Follett Features

Lessons from the National School Library Program of the Year

WESTCHESTER, IL, Feb 13, 2017By Britten Follett, Vice President of Marketing at Follett School Solutions

Going back to elementary school for a day and a half helps put a lot into perspective. Each year, Follett sponsors the National School Library Program of the Year, which is awarded at the American Library Association conference. This year’s winner was Veterans Memorial Elementary School in Bonita Springs, FL. The leading librarian, Marge Cox, is a long-time Follett customer who retired from her district in Indiana, moved to Florida and built the Veterans library from the ground up.

To celebrate their big win… this is much like the lifetime achievement award at the Oscars for school libraries… I visited Veterans for a mini-award presentation with Sylvia Norton, the executive director of American Association of School Librarians. Every student at Veterans brought their beach towels and a book to the school courtyard to give Mrs. Cox a round of applause. What a way to start the day, lounging on a beach towel with a good book!

So what makes Veterans an award winning library program? There are many accolades to address, but I’m going to focus on one – their strong engagement with the many members of their community. Arriving at Veterans Memorial Elementary School, I walked into Mrs. Cox’s after school parent/student makerspace camp.  Yes, you read that right.  Parents come in to the library after school to spend an hour and a half with their student exploring the makerspace. 

A father and son started on a laptop discovering the Moon through a Lightbox book.  A mother and daughter began building with a K'NEX kit.  A father listened to his son explain how snap circuits work while he boasted about winning the squishy circuit building contest in class.  These parents would never question the investment they are making in the school library because they spend time there and are invited to understand the vital role it plays in their students’ lives.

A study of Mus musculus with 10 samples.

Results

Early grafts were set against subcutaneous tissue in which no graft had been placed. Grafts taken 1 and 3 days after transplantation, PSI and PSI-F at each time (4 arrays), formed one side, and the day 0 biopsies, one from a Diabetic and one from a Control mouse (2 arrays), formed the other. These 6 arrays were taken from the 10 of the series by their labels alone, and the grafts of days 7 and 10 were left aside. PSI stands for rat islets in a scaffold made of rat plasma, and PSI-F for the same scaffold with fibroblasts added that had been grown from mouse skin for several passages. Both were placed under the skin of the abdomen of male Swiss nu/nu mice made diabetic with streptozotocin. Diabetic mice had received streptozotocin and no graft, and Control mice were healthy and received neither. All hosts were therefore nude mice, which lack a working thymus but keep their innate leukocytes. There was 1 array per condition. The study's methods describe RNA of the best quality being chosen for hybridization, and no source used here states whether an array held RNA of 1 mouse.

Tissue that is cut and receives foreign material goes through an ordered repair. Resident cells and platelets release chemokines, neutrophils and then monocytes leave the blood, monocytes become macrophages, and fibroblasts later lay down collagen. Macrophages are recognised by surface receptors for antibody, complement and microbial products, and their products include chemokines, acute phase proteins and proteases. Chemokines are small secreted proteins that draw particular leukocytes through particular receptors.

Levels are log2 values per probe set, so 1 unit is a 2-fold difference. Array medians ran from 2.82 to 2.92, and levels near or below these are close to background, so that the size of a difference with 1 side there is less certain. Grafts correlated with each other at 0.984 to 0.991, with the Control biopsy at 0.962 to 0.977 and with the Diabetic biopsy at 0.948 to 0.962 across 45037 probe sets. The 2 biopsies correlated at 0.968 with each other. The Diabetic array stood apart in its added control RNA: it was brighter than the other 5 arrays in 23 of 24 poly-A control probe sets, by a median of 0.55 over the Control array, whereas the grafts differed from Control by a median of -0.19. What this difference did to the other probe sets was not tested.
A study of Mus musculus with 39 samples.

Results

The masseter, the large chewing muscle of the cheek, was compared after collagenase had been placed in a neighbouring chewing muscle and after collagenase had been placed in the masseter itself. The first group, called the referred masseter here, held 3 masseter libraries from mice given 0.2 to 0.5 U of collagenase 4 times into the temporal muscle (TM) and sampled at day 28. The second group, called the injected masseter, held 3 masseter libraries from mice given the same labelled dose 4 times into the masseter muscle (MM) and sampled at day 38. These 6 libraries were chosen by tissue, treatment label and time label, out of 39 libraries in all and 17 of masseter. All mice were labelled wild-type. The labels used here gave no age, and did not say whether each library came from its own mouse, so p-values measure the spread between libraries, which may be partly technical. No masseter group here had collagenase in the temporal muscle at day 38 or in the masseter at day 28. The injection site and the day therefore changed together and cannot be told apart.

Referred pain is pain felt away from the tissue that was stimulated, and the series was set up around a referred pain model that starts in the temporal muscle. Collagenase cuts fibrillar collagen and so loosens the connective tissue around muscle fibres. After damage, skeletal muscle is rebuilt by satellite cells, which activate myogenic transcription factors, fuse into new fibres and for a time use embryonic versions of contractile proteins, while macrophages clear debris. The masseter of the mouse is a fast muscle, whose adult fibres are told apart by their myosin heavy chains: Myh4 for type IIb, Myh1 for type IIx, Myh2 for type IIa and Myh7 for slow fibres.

Teachers and administrators also echo the importance of the library. I interviewed three teachers about how they use and partner with the library to curate content for their lessons.  They said Mrs. Cox goes through their curriculum plans and brings them library content to support their lessons before they even ask.  Each of them said it would be devastating for teachers and for students if the library were to go away. Many students even opt to go to the library to use the makerspace rather than take recess! When Marge introduced me to her principal, I said, “You have an amazing librarian.”  And this first time principal said,

“You don’t have to tell me!  Our library is the lifeblood of the school.  We couldn’t do what we do without it.”

As for the students, the library at Veterans is a welcome space for all. I observed as the second grade class came into the library for group work on the scientific method using the makerspace.  Mrs. Cox encouraged the students to ask questions and think like a scientist as they navigated the kits.  I watched as a group of students struggled to build a battery powered snap circuit to complete the circuit and make the propeller spin.  The teacher probed the group, but when they could not figure out what was wrong, she asked if they wanted to solicit help from another group. They agreed.  A student from another group came over, asked what they were trying to accomplish, did some problem solving, explained why it wasn’t working and fixed the circuit.

I immediately thought “this kid is going to grow up to be the engineer of the group.”  The teacher explained that the student who came over and solved the problem struggled with school more than any student in the class.  However, in the library’s makerspace, he could be the expert and students who may often get better grades turn to him for help. This interaction and the overwhelmingly positive feedback demonstrate how libraries can thrive in schools where they’re engaged and solving problems for teachers, leadership and students. 

Spending a day in grade school made me think a lot about Follett’s engagement with libraries and librarians – where we fit within this ecosystem.  Our positive impact comes from developing amazing products and making our customers’ lives easier.  Our work with Project Connect and Future Ready supports librarians by promoting what they can and should be doing to transform education. It also made me think about the ways we work. Taking note from the library at Veterans, we’ll continue innovating by being engaged, solving problems and collaborating with one another to play to each individual’s strength.  Thanks to Veterans Memorial Elementary School for a fun and insightful visit.